Fritz Karl Mann, 95, author, educator and an international authority on public finance and the history of economic theory, died Friday of arteriosclerotic heart disease at his home in Chevy Chase.
Dr. Mann was born in Berlin, and educated at the universities of Freiburg, Munich, Berlin, Paris and London.
During the first world war and until 1936, when he came to the United States, he taught public finance and political economy at the universities of Kiel, Konigsburg and Cologne.
Also during World War I, he served as a member of the German Supreme Command, as an economic adviser to the Military Administration of Romania, as chairman of the Inter-Allied Danube Commission and as a delegate to the Bucharest Peace Negotiations in 1918.
He was professor of political economy and chairman of the economics department at American University from 1936 to 1954. He was named professor emeritus of economics in 1956. He had established the Institute for Federal Taxes there.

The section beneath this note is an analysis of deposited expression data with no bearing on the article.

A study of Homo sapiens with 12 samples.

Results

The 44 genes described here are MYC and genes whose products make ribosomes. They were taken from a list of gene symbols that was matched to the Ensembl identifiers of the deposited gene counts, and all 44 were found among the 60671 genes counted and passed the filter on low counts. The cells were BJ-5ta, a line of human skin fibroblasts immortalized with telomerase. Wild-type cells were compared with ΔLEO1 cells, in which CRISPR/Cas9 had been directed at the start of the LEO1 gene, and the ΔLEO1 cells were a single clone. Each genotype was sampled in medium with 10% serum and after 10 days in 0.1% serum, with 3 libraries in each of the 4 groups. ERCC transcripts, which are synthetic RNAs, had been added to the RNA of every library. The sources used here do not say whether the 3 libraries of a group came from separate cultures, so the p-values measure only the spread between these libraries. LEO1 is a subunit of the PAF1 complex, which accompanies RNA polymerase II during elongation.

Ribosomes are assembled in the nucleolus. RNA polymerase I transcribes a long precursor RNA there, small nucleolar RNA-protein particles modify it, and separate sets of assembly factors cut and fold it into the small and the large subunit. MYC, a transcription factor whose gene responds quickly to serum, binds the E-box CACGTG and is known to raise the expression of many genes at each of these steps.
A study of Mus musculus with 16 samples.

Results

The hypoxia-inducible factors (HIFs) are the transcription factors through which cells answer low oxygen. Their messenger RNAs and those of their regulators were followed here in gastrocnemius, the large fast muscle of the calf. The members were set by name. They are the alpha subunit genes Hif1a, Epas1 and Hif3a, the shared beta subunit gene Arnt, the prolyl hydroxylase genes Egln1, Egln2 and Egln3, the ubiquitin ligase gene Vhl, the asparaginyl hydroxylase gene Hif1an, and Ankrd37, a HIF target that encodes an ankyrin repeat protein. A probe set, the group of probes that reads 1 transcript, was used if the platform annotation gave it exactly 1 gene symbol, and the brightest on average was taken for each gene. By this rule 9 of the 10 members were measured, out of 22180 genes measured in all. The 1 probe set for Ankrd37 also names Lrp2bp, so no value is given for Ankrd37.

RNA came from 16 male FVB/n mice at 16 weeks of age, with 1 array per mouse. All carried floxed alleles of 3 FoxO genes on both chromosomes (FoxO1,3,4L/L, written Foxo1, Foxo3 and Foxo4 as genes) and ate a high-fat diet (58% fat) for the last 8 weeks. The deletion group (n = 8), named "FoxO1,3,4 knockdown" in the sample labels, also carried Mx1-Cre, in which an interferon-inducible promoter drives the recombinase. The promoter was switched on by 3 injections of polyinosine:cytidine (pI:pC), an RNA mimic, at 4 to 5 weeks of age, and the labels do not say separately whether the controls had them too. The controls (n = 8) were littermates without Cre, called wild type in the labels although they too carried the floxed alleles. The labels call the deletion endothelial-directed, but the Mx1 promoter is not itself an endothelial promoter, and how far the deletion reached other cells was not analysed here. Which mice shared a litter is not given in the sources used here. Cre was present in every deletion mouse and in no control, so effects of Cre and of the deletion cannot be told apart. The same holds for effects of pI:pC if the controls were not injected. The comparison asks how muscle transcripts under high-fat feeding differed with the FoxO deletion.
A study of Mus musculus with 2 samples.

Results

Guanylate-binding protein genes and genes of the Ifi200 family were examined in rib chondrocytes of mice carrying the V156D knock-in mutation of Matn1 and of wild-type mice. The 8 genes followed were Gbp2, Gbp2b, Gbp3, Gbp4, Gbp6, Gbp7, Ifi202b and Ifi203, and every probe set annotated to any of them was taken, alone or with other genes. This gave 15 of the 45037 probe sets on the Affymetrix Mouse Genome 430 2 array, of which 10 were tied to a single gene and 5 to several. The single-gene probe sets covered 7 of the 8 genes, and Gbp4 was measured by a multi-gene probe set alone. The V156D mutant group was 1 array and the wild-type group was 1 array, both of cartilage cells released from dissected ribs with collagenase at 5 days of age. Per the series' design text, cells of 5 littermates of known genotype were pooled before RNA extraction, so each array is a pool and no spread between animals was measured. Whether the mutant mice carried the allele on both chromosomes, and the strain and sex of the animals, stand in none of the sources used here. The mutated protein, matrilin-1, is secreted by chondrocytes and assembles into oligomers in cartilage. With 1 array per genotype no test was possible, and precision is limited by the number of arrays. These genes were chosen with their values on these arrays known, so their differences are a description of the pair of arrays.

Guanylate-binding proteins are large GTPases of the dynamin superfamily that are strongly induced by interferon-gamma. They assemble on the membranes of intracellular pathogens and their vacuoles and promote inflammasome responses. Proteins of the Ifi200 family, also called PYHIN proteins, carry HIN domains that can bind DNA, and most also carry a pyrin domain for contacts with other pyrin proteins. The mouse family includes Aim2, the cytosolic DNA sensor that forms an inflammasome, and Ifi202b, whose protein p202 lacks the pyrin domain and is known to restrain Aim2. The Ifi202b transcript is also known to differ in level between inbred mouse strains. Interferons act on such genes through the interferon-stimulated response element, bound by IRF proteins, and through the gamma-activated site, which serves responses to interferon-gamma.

Dr. Mann was an economics adviser to the old War Department and he helped reorganize the Army Industrial College, which became the Industrial College of the Armed Forces in 1946.
He was a fellow of the Library of Congress from 1943 to 1947 and on the staff of the Brookings Institution in 1940-41.
He lectured at universities throughout the United States. In the late 1950s and 1960s, he was a summer lecturer at the University of Cologne, where he also was a professor emeritus.
Dr. Mann, who lived in Washington, belonged to a number of professional organizations, including the American Economic Association. He was honored by The Economists Club at American University in 1963, on the occasion of his 80th birthday.
His wife of 43 years, the former Ingeborg Papendieck, died in 1967.
Survivors include two sons, Dietrich J., of Fredericksburg, and Karl O., of Yardley, Pa.; two daughters, Gisela Hinkle of Columbus, Ohio, and Hildegard Clement of Reston, seven grandchildren and one great-grandchild.